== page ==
SENIOR MANAGER, INTERNAL COMMUNICATIONS
MAKING AN IMPACT · April 7th, 2018
Inside the Klondike Division’s Community Service Project
The Seattle Animal Shelter needed a makeover. The concrete kennels, where dogs slept, were cold and bleak. The outdoor area, where dogs exercised and interacted with prospective pet parents, wasn’t functional. The ground was a mix of rocks and weeds, and there was no place for volunteers to sit while they supervised playtime. The shelter just wasn’t as inviting as it could be.
On April 10th, the members of NVA’s Klondike Division changed that.
On the second day of their Regional Conference, 75 Hospital Managers, Managing Veterinarians, Division Leaders, and Support Center partners ascended on the shelter, rolled up their sleeves, and got to work on a series of improvements that would brighten the space, and bring their team together. “Our goal was to beautify the shelter in a way that might lead to more pet adoptions,” said John Demma, Klondike’s Director of Divisional Operations. “But it was also about fostering collaboration, strengthening bonds, and working together for a common cause.”
Like attendees of NVA’s other Regional Conferences, members of the Klondike Division spent some time with Chief Community Officer, Turpin Mott. They learned about personal and professional fulfillment, the Whole Person model, and how each of its four aspects — physical, mental, emotional, and spiritual — require balance in order to lead healthier, fuller lives. At various points throughout the conference, team members participated in activities that touched upon on each of the four aspects. The shelter beautification project was meant to cover the physical. And at this event, there was no shortage of activity.
Upon arrival, part of the team gathered outside to begin construction on wooden picnic tables and park benches for the yard. Others spread mounds of mulch across the area and vastly improved the landscaping. “The shelter volunteers spend so much time outside with dogs, helping them get exercise,” said Area Manager Jake Wakeman. “We wanted to create an environment they’d enjoy, and a nice place where families could get to know the dogs and watch how they play.”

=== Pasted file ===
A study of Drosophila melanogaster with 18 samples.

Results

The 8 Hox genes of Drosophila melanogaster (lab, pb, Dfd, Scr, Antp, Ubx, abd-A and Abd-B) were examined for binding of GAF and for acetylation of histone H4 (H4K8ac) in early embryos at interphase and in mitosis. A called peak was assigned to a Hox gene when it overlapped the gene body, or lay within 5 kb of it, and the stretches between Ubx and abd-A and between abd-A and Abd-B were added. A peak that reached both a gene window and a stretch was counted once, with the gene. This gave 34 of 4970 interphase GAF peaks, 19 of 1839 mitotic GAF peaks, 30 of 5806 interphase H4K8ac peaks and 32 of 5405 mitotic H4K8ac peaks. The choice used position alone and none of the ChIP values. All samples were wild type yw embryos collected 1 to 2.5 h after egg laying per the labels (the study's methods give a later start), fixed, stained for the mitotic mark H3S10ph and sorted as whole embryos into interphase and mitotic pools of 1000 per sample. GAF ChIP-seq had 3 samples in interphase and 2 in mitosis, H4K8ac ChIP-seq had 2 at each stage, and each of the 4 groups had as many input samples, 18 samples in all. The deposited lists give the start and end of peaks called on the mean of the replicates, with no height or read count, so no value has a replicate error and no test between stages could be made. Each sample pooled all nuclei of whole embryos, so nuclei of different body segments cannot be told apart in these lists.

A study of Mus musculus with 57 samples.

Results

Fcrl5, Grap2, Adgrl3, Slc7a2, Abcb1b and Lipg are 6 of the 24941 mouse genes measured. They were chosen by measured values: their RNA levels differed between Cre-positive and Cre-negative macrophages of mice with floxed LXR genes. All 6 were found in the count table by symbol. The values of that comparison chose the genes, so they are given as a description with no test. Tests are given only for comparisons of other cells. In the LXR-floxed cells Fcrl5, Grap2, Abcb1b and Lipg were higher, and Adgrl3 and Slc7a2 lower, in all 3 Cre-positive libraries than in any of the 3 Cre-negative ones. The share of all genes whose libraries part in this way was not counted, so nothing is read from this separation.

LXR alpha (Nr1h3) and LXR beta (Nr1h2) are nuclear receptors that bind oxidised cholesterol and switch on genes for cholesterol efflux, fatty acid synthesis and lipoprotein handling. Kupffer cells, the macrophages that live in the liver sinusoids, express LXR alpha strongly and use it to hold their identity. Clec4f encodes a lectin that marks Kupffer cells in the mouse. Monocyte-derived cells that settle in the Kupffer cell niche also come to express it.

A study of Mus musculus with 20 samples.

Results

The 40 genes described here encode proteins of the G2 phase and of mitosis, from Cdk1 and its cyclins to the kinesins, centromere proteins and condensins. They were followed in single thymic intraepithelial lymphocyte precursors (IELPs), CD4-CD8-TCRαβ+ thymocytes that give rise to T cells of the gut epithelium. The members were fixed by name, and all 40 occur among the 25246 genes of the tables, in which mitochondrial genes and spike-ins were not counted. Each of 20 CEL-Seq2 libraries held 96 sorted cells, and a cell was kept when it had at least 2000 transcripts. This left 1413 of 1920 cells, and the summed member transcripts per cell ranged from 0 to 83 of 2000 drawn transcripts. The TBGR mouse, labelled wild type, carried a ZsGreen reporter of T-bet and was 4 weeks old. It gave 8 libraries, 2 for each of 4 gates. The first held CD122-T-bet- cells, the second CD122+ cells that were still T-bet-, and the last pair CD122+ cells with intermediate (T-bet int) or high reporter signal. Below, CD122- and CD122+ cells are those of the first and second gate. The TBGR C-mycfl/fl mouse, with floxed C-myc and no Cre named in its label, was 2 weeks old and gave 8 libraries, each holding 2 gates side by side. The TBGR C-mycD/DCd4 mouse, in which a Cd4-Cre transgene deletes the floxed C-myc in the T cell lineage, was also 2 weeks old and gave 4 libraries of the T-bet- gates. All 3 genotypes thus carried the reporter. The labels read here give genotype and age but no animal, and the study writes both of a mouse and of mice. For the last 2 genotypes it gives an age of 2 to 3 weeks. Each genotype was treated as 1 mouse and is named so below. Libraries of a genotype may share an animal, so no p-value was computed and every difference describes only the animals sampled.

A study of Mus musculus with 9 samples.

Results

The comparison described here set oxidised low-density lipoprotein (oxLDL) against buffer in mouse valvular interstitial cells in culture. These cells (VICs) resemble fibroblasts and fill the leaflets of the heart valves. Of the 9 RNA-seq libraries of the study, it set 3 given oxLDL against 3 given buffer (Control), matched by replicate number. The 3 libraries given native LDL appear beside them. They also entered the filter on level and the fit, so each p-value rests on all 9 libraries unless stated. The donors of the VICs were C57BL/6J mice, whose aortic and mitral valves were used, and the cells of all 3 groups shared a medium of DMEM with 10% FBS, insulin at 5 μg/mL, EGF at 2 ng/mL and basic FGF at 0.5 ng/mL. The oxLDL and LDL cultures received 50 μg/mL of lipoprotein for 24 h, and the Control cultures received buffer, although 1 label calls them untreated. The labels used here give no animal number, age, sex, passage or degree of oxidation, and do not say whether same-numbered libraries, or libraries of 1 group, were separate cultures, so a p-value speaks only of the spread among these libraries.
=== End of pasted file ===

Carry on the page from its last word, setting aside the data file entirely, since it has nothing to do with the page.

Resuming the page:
Inside, a second team tackled the kennel interiors. On the back wall of each enclosure, an artist outlined a unique scene — familiar local landscapes and warm, cozy settings. Volunteers then painted between the lines, using warm and welcoming colors. “The murals make the adoption areas more attractive,” said Klondike’s MRO, Dani LeCompte. “And they help visitors envision how a new pet would fit into their home.”
The shelter was grateful for the team’s efforts. “We were thrilled to be a part of such a meaningful project in support of these animals,” said Dani. “The experience left a lasting impression on us all. After the event, some of our teammates reached back out to the shelter to volunteer or offer additional support.”
From the accountants at the Support Center, to the doctors on the front lines, much of what we already do is for the love of animals. They are why we come to work every day. And yet after this project, many on the team left more invigorated and unified than they were before. It could be said that they may have helped animals as much animals helped them.
“At the end of the day, we felt accomplished,” said Elena Popovici, a Field Marketing Manager for the West, and one of the shelter’s muralists. “When you volunteer to help animals, you do it knowing they can never repay you — but that day they kind of did. Our division’s bond is stronger. It was the best team building activity I’ve done.”
View more pictures from the Klondike Division’s community service project here.